The latest version of Tesla Navigate on Autopilot finds itself in the crosshairs of Consumer Reports’ criticism this week, with the testing organization singularly unconvinced that the automaker’s promises of a “more seamless” drive hold up to scrutiny. The feature was tweaked earlier this year so that suitably-equipped EVs could automatically change lane while Autopilot was enabled.
Auto lane-changing has long been a feature of Autopilot, but it has required the driver to decide when to initiate the maneuver. The latest Navigate on Autopilot update, however, upends that. Instead, as long as the car knows the route the driver is trying to take, it is able to initiate its own lane changes.
Rather than the driver prompting the car to switch lane, the opposite is true: they’re able to cancel a maneuver if they want to, but otherwise the Tesla will do it all itself. That, Consumer Reports now says, isn’t as impressive as it sounds.
“In practice, we found that Navigate on Autopilot lagged far behind a human driver’s skill set,” the testing company concluded. “The feature cut off cars without leaving enough space and even passed other cars in ways that violate state laws, according to several law enforcement representatives CR interviewed for this report. As a result, the driver often had to prevent the system from making poor decisions.”
There are a few elements to the complaint. One is that Navigate on Autopilot only requires enabling the auto-lane-change feature once: after that, there’s no reminder that the car may choose to switch lanes.
Another criticism is how the car well the car chooses its moments to maneuver. One issue is that it would sometimes make lane changes that contravene local road laws, like passing on the right in some states. Another is how well the Tesla can identify a car approaching at speed from the rear. Testers apparently found that, at times, their EV would decide to change lane and thus cut off a much faster vehicle approaching in the next lane.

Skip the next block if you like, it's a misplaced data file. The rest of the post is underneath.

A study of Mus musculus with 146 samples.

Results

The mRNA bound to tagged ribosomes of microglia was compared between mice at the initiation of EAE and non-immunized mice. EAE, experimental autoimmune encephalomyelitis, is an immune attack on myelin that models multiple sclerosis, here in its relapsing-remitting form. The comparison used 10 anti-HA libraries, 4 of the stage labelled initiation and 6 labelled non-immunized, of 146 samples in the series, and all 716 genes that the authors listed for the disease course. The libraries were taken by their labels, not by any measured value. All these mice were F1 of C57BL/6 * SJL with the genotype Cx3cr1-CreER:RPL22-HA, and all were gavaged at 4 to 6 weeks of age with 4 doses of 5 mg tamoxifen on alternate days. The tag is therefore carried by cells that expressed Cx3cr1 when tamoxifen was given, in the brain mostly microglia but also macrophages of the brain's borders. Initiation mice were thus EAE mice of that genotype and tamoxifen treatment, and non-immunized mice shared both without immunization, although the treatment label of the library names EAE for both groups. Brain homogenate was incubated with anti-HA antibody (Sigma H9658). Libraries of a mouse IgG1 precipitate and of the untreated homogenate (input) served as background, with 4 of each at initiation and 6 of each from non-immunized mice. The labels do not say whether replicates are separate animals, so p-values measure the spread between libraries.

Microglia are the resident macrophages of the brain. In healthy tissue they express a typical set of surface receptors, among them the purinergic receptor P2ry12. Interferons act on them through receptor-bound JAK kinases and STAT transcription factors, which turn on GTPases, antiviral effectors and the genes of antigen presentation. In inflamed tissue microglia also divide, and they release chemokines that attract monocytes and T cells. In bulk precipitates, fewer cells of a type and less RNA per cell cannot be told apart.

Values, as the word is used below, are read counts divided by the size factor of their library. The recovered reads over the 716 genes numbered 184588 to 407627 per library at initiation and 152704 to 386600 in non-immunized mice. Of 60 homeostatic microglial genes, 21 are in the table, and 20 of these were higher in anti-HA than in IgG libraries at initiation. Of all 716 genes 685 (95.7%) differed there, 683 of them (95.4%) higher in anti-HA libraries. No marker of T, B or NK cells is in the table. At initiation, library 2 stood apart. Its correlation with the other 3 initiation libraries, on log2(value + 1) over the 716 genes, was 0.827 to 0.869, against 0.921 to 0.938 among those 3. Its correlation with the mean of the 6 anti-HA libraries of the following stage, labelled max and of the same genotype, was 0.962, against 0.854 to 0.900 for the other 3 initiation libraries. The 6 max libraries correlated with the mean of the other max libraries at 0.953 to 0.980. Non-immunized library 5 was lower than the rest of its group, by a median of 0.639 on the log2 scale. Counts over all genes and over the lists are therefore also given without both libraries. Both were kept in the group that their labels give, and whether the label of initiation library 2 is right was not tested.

Even when the lane change is complete, Consumer Reports says, the Tesla can be frustrating to other motorists. “It is reluctant to merge in heavy traffic,” one tester said, “but when it does, it often immediately applies the brakes to create space behind the follow car – this can be a rude surprise to the vehicle you cut off.”
Tesla’s relationship with Consumer Reports has been a troubled one. The organization has regularly criticized Tesla for different aspects of its vehicles, including build quality and how straightforward to repair the EVs are. Previous Consumer Reports testing has even prompted safety updates from the automaker, such as the improvement to stopping distance made in May of last year.
However nothing quite frustrates Consumer Reports like Autopilot. Tesla’s driver assistance system has long been blamed for leaving owners over-confident in the capabilities of their vehicle, with testers previously demanding that it be renamed so as to help avoid confusion. Tesla, unsurprisingly, doesn’t agree.
The automaker pointed to its own research, based on its internal testing and Early Access Program, of how its cars performed with the lane change confirmation system turned off. “Our team consistently reviews data from instances when drivers took over while the feature has been in use, and has found that when used properly both versions of Navigate on Autopilot offer comparable levels of safety,” it argued.
As ever, Tesla fans are unlikely to be swayed by Consumer Reports’ criticisms, while the testing company seems unmoved by the automaker’s aggressive rollout of driver-assistance technologies. What may well tip the scales is any decision on further regulation of such systems. The NHTSA confirmed this week that it planned an investigation into ADAS (advanced driver assistance systems) that would particularly focus on engaging and disengaging, and how vehicles and human drivers interact.